Why Millennials Can’t Save Unions

November 9, 2017

Why Millennials Can’t Save Unions. The decline in union membership has been going on so long it is as certain as the sunrise. The percentage of American workers who belong to unions is about half of what it was 35 years ago. The only thing that has kept organized labor from fading into obscurity is the public sector, whose unionization rates have been relatively steady over the same period.

Observers see both crisis and opportunity in the new generation of workers. Some note that millennials tend to support group effort, are more politically liberal, and have a generally positive attitude about unions. Others point to age group figures that show unions have almost three times as many members over 35 as under.

Consideration of both points of view together yields a three-dimensional picture, but when we add a fourth dimension — time — we discover something unexpected about how union membership and age interact.

Using Bureau of Labor Statistics historical data, we find that the unionization rate of all employees under 35 is 7.4 percent. For those 35 to 64, it is 12.9 percent. But ten-year trends show that the unionization rate of the younger cohort has barely changed. It was 7.8 percent in 2006. It is the older group that has dropped significantly, down from 14.8 percent in 2006.

Raw numbers make the difference plainer. There were 16,000 fewer young union members in 2016 than in 2006, but there were 1.1 million fewer older union members.

So while many commentators and union leaders have emphasized the need for outreach to younger workers (myself included), unions have generally maintained their membership levels. The unions’ loss of so large a share of the older workforce, however, comes as a shock.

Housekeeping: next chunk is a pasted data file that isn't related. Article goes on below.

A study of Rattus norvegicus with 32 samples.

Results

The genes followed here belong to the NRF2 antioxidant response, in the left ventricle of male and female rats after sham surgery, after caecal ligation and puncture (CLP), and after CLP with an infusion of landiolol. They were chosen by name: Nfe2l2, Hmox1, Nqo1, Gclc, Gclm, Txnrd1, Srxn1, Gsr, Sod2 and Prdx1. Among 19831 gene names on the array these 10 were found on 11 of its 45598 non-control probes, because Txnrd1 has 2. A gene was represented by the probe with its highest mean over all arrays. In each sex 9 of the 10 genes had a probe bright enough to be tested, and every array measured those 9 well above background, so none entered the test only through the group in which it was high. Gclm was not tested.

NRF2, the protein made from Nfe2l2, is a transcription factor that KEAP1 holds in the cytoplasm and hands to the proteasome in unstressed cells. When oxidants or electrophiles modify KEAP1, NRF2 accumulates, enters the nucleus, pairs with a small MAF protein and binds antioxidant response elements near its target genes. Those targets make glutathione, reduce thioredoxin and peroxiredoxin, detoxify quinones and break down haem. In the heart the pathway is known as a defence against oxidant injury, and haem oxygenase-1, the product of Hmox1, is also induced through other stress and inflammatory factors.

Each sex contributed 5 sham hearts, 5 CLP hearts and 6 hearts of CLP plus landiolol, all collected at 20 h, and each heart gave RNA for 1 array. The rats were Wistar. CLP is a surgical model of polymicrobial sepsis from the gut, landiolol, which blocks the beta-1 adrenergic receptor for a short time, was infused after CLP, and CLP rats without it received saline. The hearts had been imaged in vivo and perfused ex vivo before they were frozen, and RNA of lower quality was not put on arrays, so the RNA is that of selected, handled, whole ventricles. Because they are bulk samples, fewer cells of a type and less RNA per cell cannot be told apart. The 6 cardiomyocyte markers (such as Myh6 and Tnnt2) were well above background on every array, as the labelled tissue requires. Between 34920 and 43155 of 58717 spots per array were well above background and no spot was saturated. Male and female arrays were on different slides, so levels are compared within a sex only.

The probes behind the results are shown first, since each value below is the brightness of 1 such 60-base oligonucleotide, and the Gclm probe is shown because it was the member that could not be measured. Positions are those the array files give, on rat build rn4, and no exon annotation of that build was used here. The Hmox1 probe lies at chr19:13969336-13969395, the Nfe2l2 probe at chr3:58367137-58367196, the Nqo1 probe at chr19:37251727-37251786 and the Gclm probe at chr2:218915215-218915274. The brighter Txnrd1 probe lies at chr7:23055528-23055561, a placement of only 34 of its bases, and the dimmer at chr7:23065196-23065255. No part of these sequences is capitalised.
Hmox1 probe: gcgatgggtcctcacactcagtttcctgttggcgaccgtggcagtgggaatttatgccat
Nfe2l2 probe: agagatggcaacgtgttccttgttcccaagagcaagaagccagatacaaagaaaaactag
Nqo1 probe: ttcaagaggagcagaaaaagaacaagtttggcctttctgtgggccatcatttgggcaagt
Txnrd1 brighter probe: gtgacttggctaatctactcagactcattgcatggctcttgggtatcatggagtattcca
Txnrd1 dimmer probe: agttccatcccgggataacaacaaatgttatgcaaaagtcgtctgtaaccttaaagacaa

The available statistics cannot tell us if the trend holds for both public sector and private sector employees, or if teacher unions alone have had this experience. But should the U.S. Supreme Court ban agency fees, a tidal wave of millennials would have to join the labor movement to offset old losses and new. The problem for unions is larger than any combination of charter school teachersgraduate teaching assistants and digital media reporters can solve.

Recent Intercepts. EIA’s daily blog, Intercepts, covered these topics November 2-8:

* IRS Auditing NEA. Right now, that’s all I know.

* What’s Going On at the Chicago Teachers Union? Couldn’t muster a quorum to vote on “a necessary step for the future of public education.”

* Washington Education Association’s School Funding Campaign Is Being Funded by NEA. $400,000 grant includes money for opposition research.

* A Good Election Day for Teacher Unions, Marred Only by Wasted $5.3 Million. The full dues of 6,000 members failed to elect a pro-Trump Republican.

* Updates on Nevada/Clark County Union Dispute. This is going to take some time.

Quote of the Week. “The labor movement might have disappeared entirely were it not for the postwar rise of government employee unions.” – Timothy Noah, employment and immigration editor at Politico. (November 7 Politico Magazine)

This throwaway line is one of the most underappreciated facts of American politics and economics.